Has your child hit a bump on the road to reading? Learn how to teach letter sounds to struggling students.
Teaching Letter Sounds to Students Who Struggle
Students often struggle with recognizing and blending sounds together to form a word, and they need some targeted instruction to help them master this skill.
What Are Letter Sounds?
Words are made up of individual sounds, called phonemes, and letters are the symbols of those sounds. Students who struggle with letter sounds may have hurdles in four areas. They may:
- have difficulty recognizing the letter.
- have trouble hearing and distinguishing the sounds.
- not have memorized which letter goes with which sounds.
- struggle with breaking words up into individual sounds.
Why Is Phonemic Awareness So Important?
Recognizing that certain letters represent certain sounds is a mile marker on the road to reading. This skill is called phonemic awareness, and it prepares a child to read printed words. Even beyond the early stages of reading, strong phonemic awareness helps students recognize new words and correctly decode them.
What to Do When Students Struggle with Letter Sounds
When a child struggles with letter sounds, you need to take a systematic approach and pinpoint the area of difficulty. If you are not sure, or you suspect that more than one area is giving your student some trouble, work your way through the list.
Issue 1: The child has trouble recognizing the letters
No child should start with printed letters on a page. In order to learn the shape of a letter, it needs to be three-dimensional. Use wood or foam letters, or try flashcards made of sandpaper. (Check out this article on How to Teach Letters.) Introduce the letters one by one. Move on to the next letter when the first is learned. If you notice your child consistently has trouble with reversals (mistaking b for d, for example) or simply struggles to identify many of his letters after patient and frequent instruction, consider having him evaluated for dyslexia.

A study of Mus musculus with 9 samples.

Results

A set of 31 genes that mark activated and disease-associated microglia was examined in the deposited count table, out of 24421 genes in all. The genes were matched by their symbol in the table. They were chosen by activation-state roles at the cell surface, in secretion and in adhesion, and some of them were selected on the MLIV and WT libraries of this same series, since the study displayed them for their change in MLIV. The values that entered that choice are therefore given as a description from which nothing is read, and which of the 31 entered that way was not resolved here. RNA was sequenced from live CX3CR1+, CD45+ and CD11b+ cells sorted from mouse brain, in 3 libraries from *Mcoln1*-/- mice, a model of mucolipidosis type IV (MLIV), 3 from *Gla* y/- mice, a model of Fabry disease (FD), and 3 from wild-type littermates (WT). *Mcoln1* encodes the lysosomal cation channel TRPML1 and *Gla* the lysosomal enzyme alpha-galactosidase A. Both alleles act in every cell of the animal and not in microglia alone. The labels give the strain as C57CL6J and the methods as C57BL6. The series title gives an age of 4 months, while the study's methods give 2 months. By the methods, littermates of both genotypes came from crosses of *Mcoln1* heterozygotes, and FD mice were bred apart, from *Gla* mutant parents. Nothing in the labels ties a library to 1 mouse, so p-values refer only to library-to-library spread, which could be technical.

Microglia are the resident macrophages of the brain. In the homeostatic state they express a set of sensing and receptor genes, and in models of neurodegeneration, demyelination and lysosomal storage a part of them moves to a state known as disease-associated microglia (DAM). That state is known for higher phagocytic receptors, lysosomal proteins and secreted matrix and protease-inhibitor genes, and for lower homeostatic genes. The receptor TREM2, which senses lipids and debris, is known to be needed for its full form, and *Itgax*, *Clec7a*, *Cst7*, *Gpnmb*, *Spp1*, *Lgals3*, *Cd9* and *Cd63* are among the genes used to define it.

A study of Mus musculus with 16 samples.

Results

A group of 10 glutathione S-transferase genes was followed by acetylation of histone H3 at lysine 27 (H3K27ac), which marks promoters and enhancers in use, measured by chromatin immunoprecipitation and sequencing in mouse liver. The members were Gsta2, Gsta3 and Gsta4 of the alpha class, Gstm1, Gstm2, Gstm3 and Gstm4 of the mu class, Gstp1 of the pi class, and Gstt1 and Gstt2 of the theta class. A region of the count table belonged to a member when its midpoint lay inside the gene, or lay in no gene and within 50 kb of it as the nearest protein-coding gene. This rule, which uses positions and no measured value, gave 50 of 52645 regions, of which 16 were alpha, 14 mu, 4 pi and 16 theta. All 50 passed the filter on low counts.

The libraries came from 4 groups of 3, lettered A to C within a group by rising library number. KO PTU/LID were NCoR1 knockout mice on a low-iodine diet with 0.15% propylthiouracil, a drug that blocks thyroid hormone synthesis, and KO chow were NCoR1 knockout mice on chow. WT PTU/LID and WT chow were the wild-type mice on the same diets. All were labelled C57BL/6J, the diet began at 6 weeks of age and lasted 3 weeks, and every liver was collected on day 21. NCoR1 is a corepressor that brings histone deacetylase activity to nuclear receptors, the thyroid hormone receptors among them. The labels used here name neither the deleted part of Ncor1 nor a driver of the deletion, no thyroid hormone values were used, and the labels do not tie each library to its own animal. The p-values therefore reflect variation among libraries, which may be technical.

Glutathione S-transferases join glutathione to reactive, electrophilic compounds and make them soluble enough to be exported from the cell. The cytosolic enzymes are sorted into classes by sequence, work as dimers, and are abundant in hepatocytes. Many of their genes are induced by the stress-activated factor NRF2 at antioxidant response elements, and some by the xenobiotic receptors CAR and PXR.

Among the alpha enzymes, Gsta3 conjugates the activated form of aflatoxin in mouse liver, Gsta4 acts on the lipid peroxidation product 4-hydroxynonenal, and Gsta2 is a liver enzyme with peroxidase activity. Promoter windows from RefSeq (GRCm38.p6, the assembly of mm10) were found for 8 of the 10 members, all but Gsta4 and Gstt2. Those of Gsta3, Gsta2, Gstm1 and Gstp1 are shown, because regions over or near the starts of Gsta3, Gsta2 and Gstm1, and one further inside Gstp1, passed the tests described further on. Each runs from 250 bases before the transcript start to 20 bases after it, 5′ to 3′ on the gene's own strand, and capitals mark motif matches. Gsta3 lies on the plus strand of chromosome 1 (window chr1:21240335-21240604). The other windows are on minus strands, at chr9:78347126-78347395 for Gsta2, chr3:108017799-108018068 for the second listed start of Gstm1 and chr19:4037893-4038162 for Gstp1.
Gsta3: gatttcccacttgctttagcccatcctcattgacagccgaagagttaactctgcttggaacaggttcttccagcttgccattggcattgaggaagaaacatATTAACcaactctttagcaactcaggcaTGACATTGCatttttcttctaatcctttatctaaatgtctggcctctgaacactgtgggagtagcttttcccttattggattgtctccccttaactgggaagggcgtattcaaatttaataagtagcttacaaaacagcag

Issue 2: The child has trouble hearing and recognizing the sounds
Start with an awareness of sounds. Do lots of activities with rhyming words, syllables, and alliteration. Clap along with songs, syllable by syllable. Read books or poems with lots of rhyme. Play games with matching pictures of words that rhyme. Compose silly sentences with words that start with the same sound (“The Grinch’s green grapes were great!”).
Issue 3: The child can’t remember which sounds go with which letters
Just as you systematically taught the letter names one by one, do the same with the sounds. (Check out this article on How to Teach Letter Sounds.) Teach one sound per letter in the beginning. That means you should teach only the short vowel sounds (the sounds in the words at, egg, it, on, and up). Teach the hard sounds of c and g (the sounds in cup and gum). Hold up a letter and have the child say the sound. Memorize a poem or song that reinforces the letter sounds with the letter names.
Issue 4: The child struggles to break up words into individual sounds
A word is a whole, and its sounds are parts. If your child has difficulty breaking the word “cap” into its individual sounds, you will need to do some targeted reinforcement. Take a multisensory approach. Tie hand movements to the individual sounds as you say the word slowly. Count the sounds with your fingers. Focus on stretching out the vowel sounds (and using an accompanying hand motion for each vowel). Say a word and ask her to identify the beginning sound, ending sound, or vowel sound.
Use a Systematic and Multi-Sensory Approach
Reading is a skill, and skills must be practiced. The same is true for phonemic awareness. If you are working with a struggling student, you know that frequent, patient, consistent instruction gets the best results.
Reading is a visual and auditory skill, but there is no reason to target only those two learning areas. Kinesthetic activities that require movement can help with phonological skill-building. The Orton-Gillingham method is both systematic and multi-sensory. It’s a time-tested method that is particularly successful with children who have dyslexia. Two reading programs that incorporate this method are the Barton Reading Program and the Wilson Reading System.
Teaching Letter Sounds to Struggling Students
Many children learn to read almost intuitively, recognizing patterns and phonemes for themselves. But some students need explicit instruction that walks them through each step of the road to reading. This is not a failing or a sign of low intelligence! Both types of students can be successful, lifelong readers. When you learn how to teach letter sounds, you give your struggling student the key to open the door to reading success.